It’s not uncommon to run into an issue of broken packages in Ubuntu and other Debian-based distributions. Sometimes, when you upgrade the system or install a software package, you may encounter the ‘Sub-process /usr/bin/dpkg returned an error code’ error.
The crucial phrase in this error is /usr/bin/dpkg, which points to the dpkg package installer used in Linux. A package installer manages software, updates, and dependencies. If it becomes corrupted, any attempt to install new software can trigger this error message.
For example, a while back, I tried to upgrade to Ubuntu 22.04 and I bumped into the dpkg error as shown below.
Errors were encountered while processing: google-chrome-stable E: Sub-process /usr/bin/dpkg returned an error code (1)
This indicates that the google-chrome-stable package is either broken or corrupt. There are a few workarounds to this problem, so don’t throw in the towel yet or discard your system.
Fixing Sub-process /usr/bin/dpkg returned an error code (1)
Let’s address the issue with this broken package error. I’ll walk you through several methods, starting with the simpler ones. These initial steps are straightforward and don’t require much effort.
Method 1: Reconfiguring dpkg Package Database
One of the triggers of this error is a corrupted dpkg package database. This can be caused by the sudden interruption of the installation of a software package. Reconfiguring the database is one way to resolve this issue.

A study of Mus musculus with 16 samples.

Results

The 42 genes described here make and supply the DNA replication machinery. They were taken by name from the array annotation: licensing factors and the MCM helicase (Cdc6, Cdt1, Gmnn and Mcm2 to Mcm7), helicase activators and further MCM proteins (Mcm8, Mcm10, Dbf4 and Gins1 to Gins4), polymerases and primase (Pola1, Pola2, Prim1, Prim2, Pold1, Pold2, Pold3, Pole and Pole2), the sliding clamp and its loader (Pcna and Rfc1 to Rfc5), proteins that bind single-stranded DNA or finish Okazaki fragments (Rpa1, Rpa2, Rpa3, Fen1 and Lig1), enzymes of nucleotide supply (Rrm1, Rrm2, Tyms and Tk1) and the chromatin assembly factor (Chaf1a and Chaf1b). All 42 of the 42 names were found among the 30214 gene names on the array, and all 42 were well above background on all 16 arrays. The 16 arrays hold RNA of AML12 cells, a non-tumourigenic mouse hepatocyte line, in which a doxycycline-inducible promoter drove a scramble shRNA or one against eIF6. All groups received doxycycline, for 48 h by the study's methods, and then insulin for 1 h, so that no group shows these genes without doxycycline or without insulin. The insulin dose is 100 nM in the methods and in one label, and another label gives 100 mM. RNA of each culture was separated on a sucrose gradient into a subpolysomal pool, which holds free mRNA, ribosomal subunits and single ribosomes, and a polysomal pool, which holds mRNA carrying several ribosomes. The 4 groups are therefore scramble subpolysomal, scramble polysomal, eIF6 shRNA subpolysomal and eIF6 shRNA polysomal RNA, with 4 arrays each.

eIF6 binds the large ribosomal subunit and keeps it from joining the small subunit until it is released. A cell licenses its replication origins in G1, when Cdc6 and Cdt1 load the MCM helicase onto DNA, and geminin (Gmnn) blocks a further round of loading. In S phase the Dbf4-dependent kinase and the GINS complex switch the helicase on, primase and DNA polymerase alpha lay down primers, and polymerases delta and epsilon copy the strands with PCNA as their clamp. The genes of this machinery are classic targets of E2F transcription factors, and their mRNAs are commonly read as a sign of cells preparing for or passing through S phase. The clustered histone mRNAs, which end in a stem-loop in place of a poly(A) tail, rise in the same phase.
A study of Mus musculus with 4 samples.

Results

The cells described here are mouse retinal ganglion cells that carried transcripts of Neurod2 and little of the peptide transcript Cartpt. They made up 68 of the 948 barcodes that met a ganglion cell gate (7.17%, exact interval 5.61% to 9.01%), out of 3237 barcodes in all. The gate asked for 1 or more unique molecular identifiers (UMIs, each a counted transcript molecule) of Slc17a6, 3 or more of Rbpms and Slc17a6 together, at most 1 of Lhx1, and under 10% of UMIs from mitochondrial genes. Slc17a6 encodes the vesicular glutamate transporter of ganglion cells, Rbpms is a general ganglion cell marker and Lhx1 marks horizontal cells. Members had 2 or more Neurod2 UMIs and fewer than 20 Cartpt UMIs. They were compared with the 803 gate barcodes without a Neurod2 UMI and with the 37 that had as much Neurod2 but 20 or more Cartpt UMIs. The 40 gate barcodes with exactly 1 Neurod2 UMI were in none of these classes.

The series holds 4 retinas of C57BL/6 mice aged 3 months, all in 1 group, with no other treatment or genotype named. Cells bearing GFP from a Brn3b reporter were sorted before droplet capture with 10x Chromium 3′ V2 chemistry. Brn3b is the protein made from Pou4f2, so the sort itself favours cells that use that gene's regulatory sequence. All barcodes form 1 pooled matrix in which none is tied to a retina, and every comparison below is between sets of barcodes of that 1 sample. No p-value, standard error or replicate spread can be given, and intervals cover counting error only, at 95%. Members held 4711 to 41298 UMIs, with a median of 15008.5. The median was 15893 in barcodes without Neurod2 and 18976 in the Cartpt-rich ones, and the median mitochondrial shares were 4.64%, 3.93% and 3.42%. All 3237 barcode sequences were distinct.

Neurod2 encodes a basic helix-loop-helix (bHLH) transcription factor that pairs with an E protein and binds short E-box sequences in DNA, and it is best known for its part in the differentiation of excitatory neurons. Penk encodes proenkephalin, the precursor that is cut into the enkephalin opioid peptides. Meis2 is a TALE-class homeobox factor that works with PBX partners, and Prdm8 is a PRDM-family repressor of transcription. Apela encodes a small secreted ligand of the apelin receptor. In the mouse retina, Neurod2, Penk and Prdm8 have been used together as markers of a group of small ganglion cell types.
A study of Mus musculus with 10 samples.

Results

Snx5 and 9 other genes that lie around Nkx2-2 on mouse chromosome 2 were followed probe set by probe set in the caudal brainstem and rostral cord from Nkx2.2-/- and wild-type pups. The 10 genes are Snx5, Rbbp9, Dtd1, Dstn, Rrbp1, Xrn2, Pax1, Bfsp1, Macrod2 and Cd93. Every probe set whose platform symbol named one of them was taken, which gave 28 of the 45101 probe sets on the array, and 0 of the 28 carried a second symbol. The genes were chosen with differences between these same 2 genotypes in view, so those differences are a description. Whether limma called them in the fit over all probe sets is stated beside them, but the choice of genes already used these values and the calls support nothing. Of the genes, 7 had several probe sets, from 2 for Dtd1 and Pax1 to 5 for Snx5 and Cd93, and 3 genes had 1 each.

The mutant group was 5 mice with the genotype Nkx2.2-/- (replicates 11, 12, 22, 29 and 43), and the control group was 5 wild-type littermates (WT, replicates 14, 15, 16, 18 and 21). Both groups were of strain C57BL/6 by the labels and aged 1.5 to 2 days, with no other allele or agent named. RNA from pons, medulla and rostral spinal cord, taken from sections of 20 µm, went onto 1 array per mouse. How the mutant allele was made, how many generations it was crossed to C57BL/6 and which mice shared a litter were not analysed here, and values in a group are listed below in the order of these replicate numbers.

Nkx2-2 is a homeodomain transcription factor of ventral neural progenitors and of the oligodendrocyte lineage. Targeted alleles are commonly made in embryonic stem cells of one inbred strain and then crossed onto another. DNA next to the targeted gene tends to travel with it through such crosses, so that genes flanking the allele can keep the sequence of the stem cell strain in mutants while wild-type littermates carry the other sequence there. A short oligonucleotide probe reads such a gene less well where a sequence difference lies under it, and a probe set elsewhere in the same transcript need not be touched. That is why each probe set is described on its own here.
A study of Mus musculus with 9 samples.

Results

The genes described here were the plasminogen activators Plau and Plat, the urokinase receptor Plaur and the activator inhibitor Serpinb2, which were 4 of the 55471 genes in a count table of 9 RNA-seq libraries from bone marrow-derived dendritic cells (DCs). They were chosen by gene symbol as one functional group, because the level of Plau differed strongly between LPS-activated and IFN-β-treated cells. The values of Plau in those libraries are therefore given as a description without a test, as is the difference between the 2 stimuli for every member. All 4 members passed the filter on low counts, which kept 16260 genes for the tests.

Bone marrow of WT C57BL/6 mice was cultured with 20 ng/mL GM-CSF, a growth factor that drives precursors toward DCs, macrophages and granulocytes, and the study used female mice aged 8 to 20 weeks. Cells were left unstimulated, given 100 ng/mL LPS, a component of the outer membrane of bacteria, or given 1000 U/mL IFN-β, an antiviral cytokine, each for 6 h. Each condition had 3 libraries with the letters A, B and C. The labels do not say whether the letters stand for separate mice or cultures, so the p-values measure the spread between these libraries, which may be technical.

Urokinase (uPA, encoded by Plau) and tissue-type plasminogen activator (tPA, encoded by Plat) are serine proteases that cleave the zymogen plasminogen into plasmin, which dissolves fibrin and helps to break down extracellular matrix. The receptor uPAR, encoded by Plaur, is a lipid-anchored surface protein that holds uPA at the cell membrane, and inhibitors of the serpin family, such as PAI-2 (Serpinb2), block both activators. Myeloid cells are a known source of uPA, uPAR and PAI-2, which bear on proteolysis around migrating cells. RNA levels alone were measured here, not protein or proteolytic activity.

To do this, simply execute the command:
sudo dpkg --configure -a
This reconfigures the unpacked packages that were not installed during the installation process.
Method 2: Force Install the Troublesome Package
Sometimes, errors can occur during the installation of software packages. When such happens, you can force install the package using the
-f option as shown.
sudo apt install -f OR sudo apt install --fix-broken
-f option &
--fix-broken can be interchangeably used to fix broken dependencies resulting from an interrupted package or cached package download.
Method 3: Remove or Purge the Bad or Corrupted Software Package
If the first two solutions did not fix the problem, you can remove or purge the problematic software package as shown.
sudo apt remove --purge package_name
For example, in my case, purging the Google Chrome package fixed the issue.
sudo apt remove --purge google-chrome-stable
Then invoke the commands below to remove all the old, unused, and unnecessary packages which also frees up space on your hard drive.
sudo apt clean sudo apt autoremove
Method 4: Remove all the Files Associated with the Package
Lastly, you can manually remove all the files associated with the troublesome package. First, you need to find these files which are located in the /var/lib/dpkg/info directory as shown.
sudo ls -l /var/lib/dpkg/info | grep -i package_name
After listing the files, you can move them to the /tmp directory as shown
sudo mv /var/lib/dpkg/info/package-name.* /tmp
Alternatively, you can use the rm command to manually remove the files.
sudo rm -r /var/lib/dpkg/info/package-name.*
Finally, update the package lists as shown:
$ sudo apt update
You can thereafter give it another shot by reinstalling the software package.
This type of dpkg error points to an issue with the package installer usually caused by the interruption of an installation process or a corrupt dpkg database.
Any of the above-mentioned solutions should fix this error. If you have come this far, then we hope that the issue has been successfully resolved and that you were able to reinstall your software package.
If any of the methods worked for you, please specify which one resolved the issue. If you managed to fix this error using a different method, kindly share it to help others who might be experiencing the same issue.